CIHT has undertaken research into the relationship between transport, mobility, health and wellbeing.
Whilst a relationship between transport and health is generally recognised in broad terms – for example access to health care, personal mobility, better accessibility and the benefits of active travel on health - there is a need to understand the wider impact of improved mobility on mental health and wellbeing.
When developing the case for new transport schemes in the UK in recent times, the funders, professional advisers and users have tended to focus only on the direct economic benefits, without factoring in the quantified health and wellbeing savings.
We question if health and wellbeing outcomes should be considered in scheme development, taken into account in the design process, and embedded in the economic assessment and justification for transport projects.
The research was conducted for CIHT by Peter Brett Associates LLP (PBA), who acted as a voluntary facilitator.
This work has culminated in the production of an accessible report of our findings that is published below.
This report discusses how transport policy and procedure can contribute to the health (including mental health) and wellbeing agenda.
The report, produced with support from Peter Brett Associates, involved a review of research, policy and practice by a team of industry practitioners.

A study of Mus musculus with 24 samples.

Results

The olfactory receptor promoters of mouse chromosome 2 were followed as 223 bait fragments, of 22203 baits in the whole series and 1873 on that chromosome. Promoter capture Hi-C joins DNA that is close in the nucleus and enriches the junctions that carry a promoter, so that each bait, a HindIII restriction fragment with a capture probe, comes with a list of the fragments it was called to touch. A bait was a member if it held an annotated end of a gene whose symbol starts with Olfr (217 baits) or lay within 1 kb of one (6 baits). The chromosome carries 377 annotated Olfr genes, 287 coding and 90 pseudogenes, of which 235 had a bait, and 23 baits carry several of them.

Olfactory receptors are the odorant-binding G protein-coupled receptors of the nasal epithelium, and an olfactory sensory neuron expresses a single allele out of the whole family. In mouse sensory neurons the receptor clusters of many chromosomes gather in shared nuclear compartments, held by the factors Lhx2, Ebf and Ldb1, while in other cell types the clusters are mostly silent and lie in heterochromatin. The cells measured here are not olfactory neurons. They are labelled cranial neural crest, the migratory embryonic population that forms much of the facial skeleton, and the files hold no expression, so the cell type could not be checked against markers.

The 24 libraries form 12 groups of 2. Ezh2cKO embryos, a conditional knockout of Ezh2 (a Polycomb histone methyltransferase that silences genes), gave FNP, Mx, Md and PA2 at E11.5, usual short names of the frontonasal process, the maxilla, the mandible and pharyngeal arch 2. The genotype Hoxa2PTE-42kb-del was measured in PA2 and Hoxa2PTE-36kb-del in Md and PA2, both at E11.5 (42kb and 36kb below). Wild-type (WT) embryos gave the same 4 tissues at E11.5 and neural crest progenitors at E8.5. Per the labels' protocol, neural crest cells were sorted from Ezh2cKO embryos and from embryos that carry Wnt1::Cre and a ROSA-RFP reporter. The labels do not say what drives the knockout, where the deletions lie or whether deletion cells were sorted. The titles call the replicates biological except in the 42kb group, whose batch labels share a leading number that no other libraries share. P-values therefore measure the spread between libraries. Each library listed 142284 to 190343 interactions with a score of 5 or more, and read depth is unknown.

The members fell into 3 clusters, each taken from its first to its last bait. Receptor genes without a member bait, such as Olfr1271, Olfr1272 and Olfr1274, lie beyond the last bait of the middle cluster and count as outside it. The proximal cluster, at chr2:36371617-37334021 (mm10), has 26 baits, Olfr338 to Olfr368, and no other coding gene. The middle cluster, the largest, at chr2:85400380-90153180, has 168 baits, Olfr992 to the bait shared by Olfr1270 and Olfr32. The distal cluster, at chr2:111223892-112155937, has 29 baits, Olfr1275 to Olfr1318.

The key findings from the report were:
Sue Percy, CIHT said:
“The UK is facing significant challenges in terms of the health of the nation and the impact that has on wellbeing and quality of life. Whether through problems of increasing obesity, addictions, mental health issues or an ageing population; better health policies, funding and support will be key to improving quality of life.”
“Through this research we have highlighted the need to improve strategic integration nationally and collaboration locally if we are to improve the links between transport, health and wellbeing.”
“It is predicted that the cost to the NHS and society of obesity-related illness will reach £50 billion by 2050. Reliable, fit for purpose transport infrastructure can positively impact on this significant cost by facilitating uptake of greater levels of active and sustainable travel. The evidence gathered in this report shows that the local planning system must begin to take more account of the role of health and wellbeing if the full benefits are to be realised.”
“CIHT is pleased to have had the opportunity to work with Peter Brett Associates on this important area and we would like to record our thanks to all those who took part in the steering group and the wider research.”
Bob Pinkett, Partner, Peter Brett Associates LLP said:
“We were pleased to undertake this research, recognising the growing importance of understanding wider health and social factors that arise when sustainable transport solutions are developed for communities. While transport planners have increasingly recognised the role and benefits of active travel, we are just beginning to see how positive wellbeing outcomes can also be achieved through better design and operation. At PBA, we are finding that the benefits in mental health, as well as physical health, can now be assessed and built into our appraisal, development and delivery of projects.”